Add to that a love for watching machines work perfectly, and the senior specialist for tempering and chocolate processes at Farum, Denmark-based Aasted, would seem to have the perfect attributes to spark innovation.
And while he admits to practically living in the lab, breakthroughs don’t necessarily descend onto the workplace. In Holmud’s case, he was taking a bath. While soaking, he began to contemplate one of the challenges to improving the Nielsen line of enrobing machines.
Interestingly, until the merger Holmud didn’t give much thought to enrobers. (In January 2010, Aasted, known for its tempering and moulding lines, merged with nearby neighbor, A.E. Nielsen, manufacturer of enrobers and cooling tunnels). That all changed with Allan Aasted, ceo and Mads Hedstrom, formerly ceo of A.E. Nielsen and now President of Sales, asked him to look at the Nielsen line.
“I was thinking of this final tempering process occurring in the enrober, where you reheat the chocolate in a service tank to complete crystalization,” he says. “As we know, chocolate contains a lot of fat [cocoa butter], which is a good insulator. So, we’re trying to control the temperature to achieve final crystallization. At the same time, we’re feeding chocolate back into the tank from the chocolate curtain. There’s no way to truly control the chocolate. It wasn’t a perfect process.”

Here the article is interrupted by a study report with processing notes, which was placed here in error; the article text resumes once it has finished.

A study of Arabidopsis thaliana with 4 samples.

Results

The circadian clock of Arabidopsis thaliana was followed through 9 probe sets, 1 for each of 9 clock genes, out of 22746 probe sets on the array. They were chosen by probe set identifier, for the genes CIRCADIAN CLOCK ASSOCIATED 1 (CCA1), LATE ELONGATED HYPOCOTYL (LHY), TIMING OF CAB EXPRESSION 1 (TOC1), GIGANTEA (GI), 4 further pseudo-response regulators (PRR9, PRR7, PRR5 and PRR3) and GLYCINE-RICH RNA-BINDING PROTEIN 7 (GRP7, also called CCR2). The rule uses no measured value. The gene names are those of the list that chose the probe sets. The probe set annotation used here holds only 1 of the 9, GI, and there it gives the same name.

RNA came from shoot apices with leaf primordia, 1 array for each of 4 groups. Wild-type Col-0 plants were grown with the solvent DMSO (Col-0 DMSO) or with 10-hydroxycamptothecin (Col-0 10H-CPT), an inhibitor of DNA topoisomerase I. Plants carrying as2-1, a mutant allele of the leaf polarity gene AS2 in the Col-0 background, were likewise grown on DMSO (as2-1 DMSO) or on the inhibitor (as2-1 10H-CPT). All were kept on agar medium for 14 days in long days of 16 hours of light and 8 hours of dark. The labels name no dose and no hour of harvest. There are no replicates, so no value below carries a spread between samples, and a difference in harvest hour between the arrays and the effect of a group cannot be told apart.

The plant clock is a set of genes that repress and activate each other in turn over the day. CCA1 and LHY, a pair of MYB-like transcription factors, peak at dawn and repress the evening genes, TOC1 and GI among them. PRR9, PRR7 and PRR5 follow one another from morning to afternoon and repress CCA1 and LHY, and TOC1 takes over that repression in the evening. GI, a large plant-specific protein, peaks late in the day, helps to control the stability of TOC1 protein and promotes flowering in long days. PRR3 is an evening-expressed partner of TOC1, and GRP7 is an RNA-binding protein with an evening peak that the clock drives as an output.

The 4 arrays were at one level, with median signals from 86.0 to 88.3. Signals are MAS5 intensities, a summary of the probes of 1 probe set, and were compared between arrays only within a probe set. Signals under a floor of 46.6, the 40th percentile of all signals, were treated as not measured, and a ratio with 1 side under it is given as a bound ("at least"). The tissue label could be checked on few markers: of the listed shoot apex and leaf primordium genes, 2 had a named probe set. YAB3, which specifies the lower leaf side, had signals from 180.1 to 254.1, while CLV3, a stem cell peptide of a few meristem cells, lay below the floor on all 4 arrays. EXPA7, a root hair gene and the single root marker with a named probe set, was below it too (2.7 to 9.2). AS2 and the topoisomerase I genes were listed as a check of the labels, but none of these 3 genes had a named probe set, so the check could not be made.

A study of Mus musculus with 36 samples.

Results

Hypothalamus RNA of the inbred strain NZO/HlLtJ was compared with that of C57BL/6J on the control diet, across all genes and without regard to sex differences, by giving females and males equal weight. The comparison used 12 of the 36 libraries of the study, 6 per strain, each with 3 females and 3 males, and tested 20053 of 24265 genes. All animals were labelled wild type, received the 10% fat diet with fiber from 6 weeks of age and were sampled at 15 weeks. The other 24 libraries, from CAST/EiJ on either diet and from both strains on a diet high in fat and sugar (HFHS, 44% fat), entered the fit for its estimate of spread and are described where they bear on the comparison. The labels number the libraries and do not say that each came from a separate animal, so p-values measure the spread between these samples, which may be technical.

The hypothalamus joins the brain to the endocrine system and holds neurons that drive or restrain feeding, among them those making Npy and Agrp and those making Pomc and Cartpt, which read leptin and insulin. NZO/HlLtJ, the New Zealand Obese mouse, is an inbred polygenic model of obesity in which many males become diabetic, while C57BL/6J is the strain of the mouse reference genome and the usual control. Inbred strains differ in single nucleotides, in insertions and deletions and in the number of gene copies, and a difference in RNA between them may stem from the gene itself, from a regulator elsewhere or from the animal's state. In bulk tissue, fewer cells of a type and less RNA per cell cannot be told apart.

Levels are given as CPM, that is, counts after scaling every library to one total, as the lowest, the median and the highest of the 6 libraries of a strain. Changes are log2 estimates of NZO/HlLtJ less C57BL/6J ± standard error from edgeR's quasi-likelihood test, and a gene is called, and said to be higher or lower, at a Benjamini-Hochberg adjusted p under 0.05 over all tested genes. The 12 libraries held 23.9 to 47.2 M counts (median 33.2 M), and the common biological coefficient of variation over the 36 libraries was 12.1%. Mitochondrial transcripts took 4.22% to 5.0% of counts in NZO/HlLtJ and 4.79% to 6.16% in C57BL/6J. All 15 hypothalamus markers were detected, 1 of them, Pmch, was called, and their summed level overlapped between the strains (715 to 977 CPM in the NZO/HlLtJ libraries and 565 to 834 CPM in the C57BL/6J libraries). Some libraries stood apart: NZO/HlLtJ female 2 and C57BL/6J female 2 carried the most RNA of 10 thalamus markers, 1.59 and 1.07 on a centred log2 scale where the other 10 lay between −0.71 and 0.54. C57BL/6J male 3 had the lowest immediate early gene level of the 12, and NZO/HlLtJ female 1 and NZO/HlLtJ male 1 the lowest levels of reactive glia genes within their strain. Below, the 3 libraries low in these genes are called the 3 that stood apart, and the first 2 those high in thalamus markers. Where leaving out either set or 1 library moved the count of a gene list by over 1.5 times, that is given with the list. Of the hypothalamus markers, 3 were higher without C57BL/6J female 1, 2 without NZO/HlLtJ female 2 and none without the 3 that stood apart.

And for Holmud, it’s all about perfection and seeing machines run beautifully. At first, he thought of finding a way to place the chocolate somewhere else.
“I couldn’t find a right place,” Holmud admits. It then dawned on him — while still soaking — that one could simply pump fully tempered chocolate into the enrober – direct injection — in the chocolate flow running up to the flow pan without the need of a final tempering process in the service tank.
“You wouldn’t have to reheat the chocolate in the service tank,” he explains. Moreover, since the final tempering stage was eliminated, and thereby obtained a perfect process, one could use less chocolate for the process, consumption plus about 10%, Holmud says.
“Typically, if you’re applying about 2,000 kilos of chocolate an hour to the enrober, you are actually applying 1000 kilos of chocolate onto a product. You’re then re-circulating 1,000 kilos back to the tempering machine in order to try to obtain a perfect tempering of chocolate,” he explains.
By this process with the fully tempering chocolate prior to application and the direct injection to the chocolate flow, there’s no need to have a tempering unit that is tempering the total 2.000 kilos for the enrober.
As Holmud emphasizes, the idea was really simple – so simple that upper management didn’t believe him. After all, the existing concept had been in place for decades.
It took all about a day to make the necessary adjustments in the lab, he says. Within a month of preliminary testing and monitoring, Holmud was ready for a full, official test.
Everything worked as predicted.
“It’s perfect. We’re able to keep a stable temperature after tempering. And there’s no need to heat the chocolate in the service tank either than retaining the stable temperature,” he adds.
Moreover, the volume capacity for a tempering unit to match enrobing capacity could be nearly halved. For example, in his production lab at Aasted, he could replace his 500-kilo tempering unit with a 200-kilo capacity to handle the 620mm wide enrober.
“When you are talking about large production units, that a major reduction in energy savings,” he adds. Combined with Aasted’s SuperNova Energy tempering machine, the energy savings can easily be total 50% or more.
Clearly, Holmud’s soaking will now prevent chocolate companies from being soaked by energy costs.